Public debate around a Canadian franchise’s experiment raises questions about automation, labor laws, and the ignorance of the Western consumer

Percy, the “virtual cashier” being tested by the Canadian fast food franchise Freshii, has been attracting attention. It’s not a touchscreen kiosk—it’s a real person, physically located at a call center in Nicaragua, taking your order via webcam. These remote workers are paid as little as $3.75 an hour; Freshii’s in-person servers make at least $12 an hour.

Outsourcing minimum wage jobs to countries with lower standards of living is nothing new. The exploitation of workers from these countries is inevitably ingrained in the daily life of the western consumer. But when that consumer is forced to acknowledge this reality by coming face-to-face with an outsourced worker, the situation becomes news-worthy. People have been calling it dystopian. Even though “dystopia” has become a buzzword used to describe anything related to the negative societal effects of technology, Percy is painfully sci-fi-esque. The label fits.

Most take issue that a company is circumventing national labor laws—and legally—in order to increase profit margins, but some say Freshii is giving people in developing countries jobs that pay above the domestic minimum wage, although only slightly. Here’s Freshii’s argument, taken from a company-issued statement:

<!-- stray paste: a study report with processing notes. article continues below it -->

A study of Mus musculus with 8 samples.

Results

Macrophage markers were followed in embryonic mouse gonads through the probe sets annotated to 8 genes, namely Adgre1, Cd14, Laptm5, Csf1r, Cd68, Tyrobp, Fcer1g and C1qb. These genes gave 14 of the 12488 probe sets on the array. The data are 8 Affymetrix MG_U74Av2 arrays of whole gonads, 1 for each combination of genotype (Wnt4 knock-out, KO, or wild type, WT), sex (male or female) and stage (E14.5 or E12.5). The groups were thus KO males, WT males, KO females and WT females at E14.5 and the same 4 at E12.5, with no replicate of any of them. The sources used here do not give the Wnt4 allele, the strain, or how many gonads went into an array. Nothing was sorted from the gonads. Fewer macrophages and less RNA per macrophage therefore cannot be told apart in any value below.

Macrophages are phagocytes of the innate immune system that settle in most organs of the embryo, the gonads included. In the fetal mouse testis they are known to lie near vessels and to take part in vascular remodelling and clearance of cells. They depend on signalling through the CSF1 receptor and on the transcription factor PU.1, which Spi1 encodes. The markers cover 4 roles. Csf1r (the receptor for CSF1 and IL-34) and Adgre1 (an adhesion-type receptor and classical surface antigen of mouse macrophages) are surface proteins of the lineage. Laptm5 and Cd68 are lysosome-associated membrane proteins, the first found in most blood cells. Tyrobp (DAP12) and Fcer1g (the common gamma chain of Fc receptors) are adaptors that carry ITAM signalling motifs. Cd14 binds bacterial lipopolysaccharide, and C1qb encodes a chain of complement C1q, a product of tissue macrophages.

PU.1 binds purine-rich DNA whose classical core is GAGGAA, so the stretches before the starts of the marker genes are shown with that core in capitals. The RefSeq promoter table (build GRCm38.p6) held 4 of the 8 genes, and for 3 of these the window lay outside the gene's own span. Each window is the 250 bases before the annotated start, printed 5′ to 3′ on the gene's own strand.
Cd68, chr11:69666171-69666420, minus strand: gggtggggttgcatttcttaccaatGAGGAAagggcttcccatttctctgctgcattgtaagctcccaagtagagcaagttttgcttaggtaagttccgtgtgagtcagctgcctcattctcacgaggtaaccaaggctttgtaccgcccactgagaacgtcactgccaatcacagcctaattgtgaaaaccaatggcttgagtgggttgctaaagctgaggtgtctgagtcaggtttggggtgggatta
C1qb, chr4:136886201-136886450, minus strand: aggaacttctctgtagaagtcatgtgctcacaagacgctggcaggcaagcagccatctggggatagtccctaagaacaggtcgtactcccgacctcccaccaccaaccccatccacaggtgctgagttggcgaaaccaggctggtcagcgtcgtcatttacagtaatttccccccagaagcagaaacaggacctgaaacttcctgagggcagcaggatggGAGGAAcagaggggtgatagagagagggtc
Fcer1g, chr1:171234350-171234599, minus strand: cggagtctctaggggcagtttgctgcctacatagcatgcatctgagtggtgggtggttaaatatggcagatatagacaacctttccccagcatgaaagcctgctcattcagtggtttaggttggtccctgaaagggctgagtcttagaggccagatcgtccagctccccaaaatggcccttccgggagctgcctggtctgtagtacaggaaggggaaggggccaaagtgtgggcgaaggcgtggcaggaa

“Unlike a kiosk or a pre-ordering app, which removes human jobs entirely, Percy allows for the face-to-face customer experience that restaurant owners and operators want to provide their guests, by mobilizing a global and eager workforce.”

While restaurant owners might actually want to give their guests the “face-to-face customer experience,” they aren’t willing to pay $12 an hour for it. And does a single guest actually enjoy their facetime with Percy? What’s more dissociating, a webcam cashier or a touchscreen kiosk?

The move to automate jobs has been accelerated by the pandemic. While it’s often shown that automation eventually creates more jobs than it destroys, it eliminates low-skill jobs, disproportionately affecting young and low-income workers. Although Freshii has chosen to outsource rather than automate, the domestic effects are similar. Percy is just the latest example of a largely invisible system briefly showing itself. As companies continue to address inefficiencies, this system will likely become harder to perceive, not easier.